Where Does Android Stop and Chrome Begin?

With Google targeting the netbook with both its Chrome and Android operating systems, which way should developers jump?

Should they pick Chrome, the browser that will soon become an OS and is likely to face strong competition from Microsoft and Apple?

Or should they go with Android, an OS that has so far been targeted mostly at smartphones, a category poised for strong growth?

A Portrait of the Browser as a Young OS

Efforts to use a browser as the operating system are not new. IBM is developing a new product built around a browser as an application platform in a project code named “Opus Una.”

IBM expects browsers to become increasingly standardized, allowing users to share widgets across them.

Google definitely wants to get into this market, and its CEO, Eric Schmidt, said at the annual Allen & Co. Sun Valley conference last week that Google has been pushing to create an operating system on the Web for years, according to the Los Angeles Times’ Technology blog.

Indeed, Google is advertising for software engineers on the FAQs About Chrome posting on its Web site. These job openings are at several offices, including San Francisco and Santa Monica, Calif.; Kirkland, Wash.; and Montreal, Canada.

However, job descriptions differ among the sites, and based on a reading of the postings, it’s not quite clear what Google wants.

At the San Francisco office, the posting is for engineering and requires someone with a strong understanding of algorithms and data structures.

At the offices in Santa Monica and Seattle/Kirkland, the job postings are for software engineers to help develop Google’s next-generation search engine and related technologies.

At the Montreal office’s Web page, secrecy seems to be the rule — clicking on the link kicks off an email directly to the office, with no job description available.

It’s All So Confusing

By coming up with a second operating system for netbooks, Google has thrown the market for a loop, IDC Program Director Al Hilwa said.

“Developers should be worried now about Google’s commitment to Android, because if it didn’t adopt Android, the question is, why?” he told LinuxInsider.

Speculating that internal politics is the reason, Hilwa said Google needs to articulate a better strategy for having two operating systems.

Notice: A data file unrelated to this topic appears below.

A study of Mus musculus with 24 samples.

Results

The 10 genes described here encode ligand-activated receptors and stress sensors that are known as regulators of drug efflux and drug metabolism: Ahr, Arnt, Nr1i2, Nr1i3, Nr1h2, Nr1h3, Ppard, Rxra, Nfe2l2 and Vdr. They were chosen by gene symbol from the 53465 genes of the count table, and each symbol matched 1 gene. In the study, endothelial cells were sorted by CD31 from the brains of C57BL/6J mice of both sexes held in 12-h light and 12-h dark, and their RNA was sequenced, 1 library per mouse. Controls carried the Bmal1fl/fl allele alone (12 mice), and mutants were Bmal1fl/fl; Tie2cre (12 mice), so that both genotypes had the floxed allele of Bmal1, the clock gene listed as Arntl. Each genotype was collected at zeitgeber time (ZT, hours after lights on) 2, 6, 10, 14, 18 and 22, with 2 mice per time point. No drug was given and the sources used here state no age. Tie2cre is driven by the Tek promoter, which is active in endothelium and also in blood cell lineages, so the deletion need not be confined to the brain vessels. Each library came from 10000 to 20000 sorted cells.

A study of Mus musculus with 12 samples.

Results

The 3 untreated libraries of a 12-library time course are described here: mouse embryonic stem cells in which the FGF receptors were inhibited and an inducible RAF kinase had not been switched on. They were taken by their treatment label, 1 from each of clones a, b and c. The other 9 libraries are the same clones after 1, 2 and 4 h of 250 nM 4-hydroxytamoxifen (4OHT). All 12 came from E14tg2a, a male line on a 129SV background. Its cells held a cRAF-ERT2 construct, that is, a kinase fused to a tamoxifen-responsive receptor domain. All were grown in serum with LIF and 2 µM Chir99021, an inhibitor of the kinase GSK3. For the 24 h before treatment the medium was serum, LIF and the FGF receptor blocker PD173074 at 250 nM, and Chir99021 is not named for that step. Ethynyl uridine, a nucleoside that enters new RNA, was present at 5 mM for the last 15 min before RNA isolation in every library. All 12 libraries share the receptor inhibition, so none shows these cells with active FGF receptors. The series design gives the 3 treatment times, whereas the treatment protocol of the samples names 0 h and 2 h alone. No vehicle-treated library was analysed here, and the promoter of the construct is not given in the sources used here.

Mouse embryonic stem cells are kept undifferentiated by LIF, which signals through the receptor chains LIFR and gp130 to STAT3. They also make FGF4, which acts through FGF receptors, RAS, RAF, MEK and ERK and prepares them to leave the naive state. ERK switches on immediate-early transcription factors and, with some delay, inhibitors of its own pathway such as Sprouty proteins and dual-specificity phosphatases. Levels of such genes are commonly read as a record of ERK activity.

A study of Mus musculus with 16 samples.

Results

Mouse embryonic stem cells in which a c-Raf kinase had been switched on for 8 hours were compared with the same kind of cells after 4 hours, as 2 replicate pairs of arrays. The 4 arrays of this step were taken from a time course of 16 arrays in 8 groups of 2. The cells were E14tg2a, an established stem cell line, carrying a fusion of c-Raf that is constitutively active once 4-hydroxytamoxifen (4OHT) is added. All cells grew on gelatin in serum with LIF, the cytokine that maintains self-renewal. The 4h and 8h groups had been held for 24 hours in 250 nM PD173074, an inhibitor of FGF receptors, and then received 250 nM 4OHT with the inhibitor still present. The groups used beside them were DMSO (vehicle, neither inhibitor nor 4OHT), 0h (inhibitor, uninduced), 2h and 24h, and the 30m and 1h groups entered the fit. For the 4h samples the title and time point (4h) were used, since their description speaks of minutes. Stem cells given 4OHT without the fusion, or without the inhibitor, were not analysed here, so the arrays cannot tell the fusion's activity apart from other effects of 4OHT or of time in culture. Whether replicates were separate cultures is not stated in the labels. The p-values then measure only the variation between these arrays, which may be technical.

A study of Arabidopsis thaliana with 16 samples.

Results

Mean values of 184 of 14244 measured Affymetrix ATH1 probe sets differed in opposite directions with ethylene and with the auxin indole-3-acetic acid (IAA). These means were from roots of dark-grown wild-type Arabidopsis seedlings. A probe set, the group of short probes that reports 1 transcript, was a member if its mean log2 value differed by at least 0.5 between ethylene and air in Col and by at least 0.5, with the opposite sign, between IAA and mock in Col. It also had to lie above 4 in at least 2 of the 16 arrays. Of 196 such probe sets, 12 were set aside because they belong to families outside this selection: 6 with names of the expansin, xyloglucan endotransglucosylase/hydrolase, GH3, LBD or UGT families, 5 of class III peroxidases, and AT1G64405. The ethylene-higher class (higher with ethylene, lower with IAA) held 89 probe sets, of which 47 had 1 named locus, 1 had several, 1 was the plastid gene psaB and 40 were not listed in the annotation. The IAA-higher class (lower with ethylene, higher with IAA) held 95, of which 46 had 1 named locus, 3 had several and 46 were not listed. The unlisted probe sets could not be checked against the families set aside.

“Until Chrome came out, they were positioning Android for a portfolio of devices ranging from embedded devices to smartphones to netbooks,” Hilwa said. “Apple managed to leverage one operating system for its mobile phone and laptops; why can’t Google?”

Chrome vs. Android

Chrome and Android will not target quite the same products, argued Wayne Kernochan, president of Infostructure Associates.

“There is only so far down in form factor Chrome can go or so far up that Android can go,” he told LinuxInsider.

Chrome will be a better platform for netbook users than Android, but that does not mean there will be one superior tool or operating system for all platforms.

“I would view the message for developers as that it may be wise to separate their tools for smartphones from those for laptops and desktops,” Kernochan said.

Developers should focus their netbook efforts on Chrome if they have a significant foothold in the laptop and desktop space, he added. If it’s too costly initially to support two operating systems, then they should focus their netbook efforts only on Android.

In the long run, Kernochan expects Chrome to move down to the smartphone in some format. “The combination of medium footprint, fast Web processing and security is too good a story not to show up on smartphones eventually as these scale in computing power,” he said.

However, IDC’s Hilwa sees things differently.

“Developers maybe should be thinking about freezing their adoption for now until Google articulates things more clearly,” he said. “The number of phones that run Android now is very small compared to Apple’s iPhone.”

Ultimately, things could look pretty bleak for developers trying to figure out whether to pick Android or Chrome.

“To maximize adoption, Google needs to have very clear positioning,” Hilwa said. “If they give an ambiguous message, their partners will sit on the fence, and it’ll cost them in terms of time and adoption.”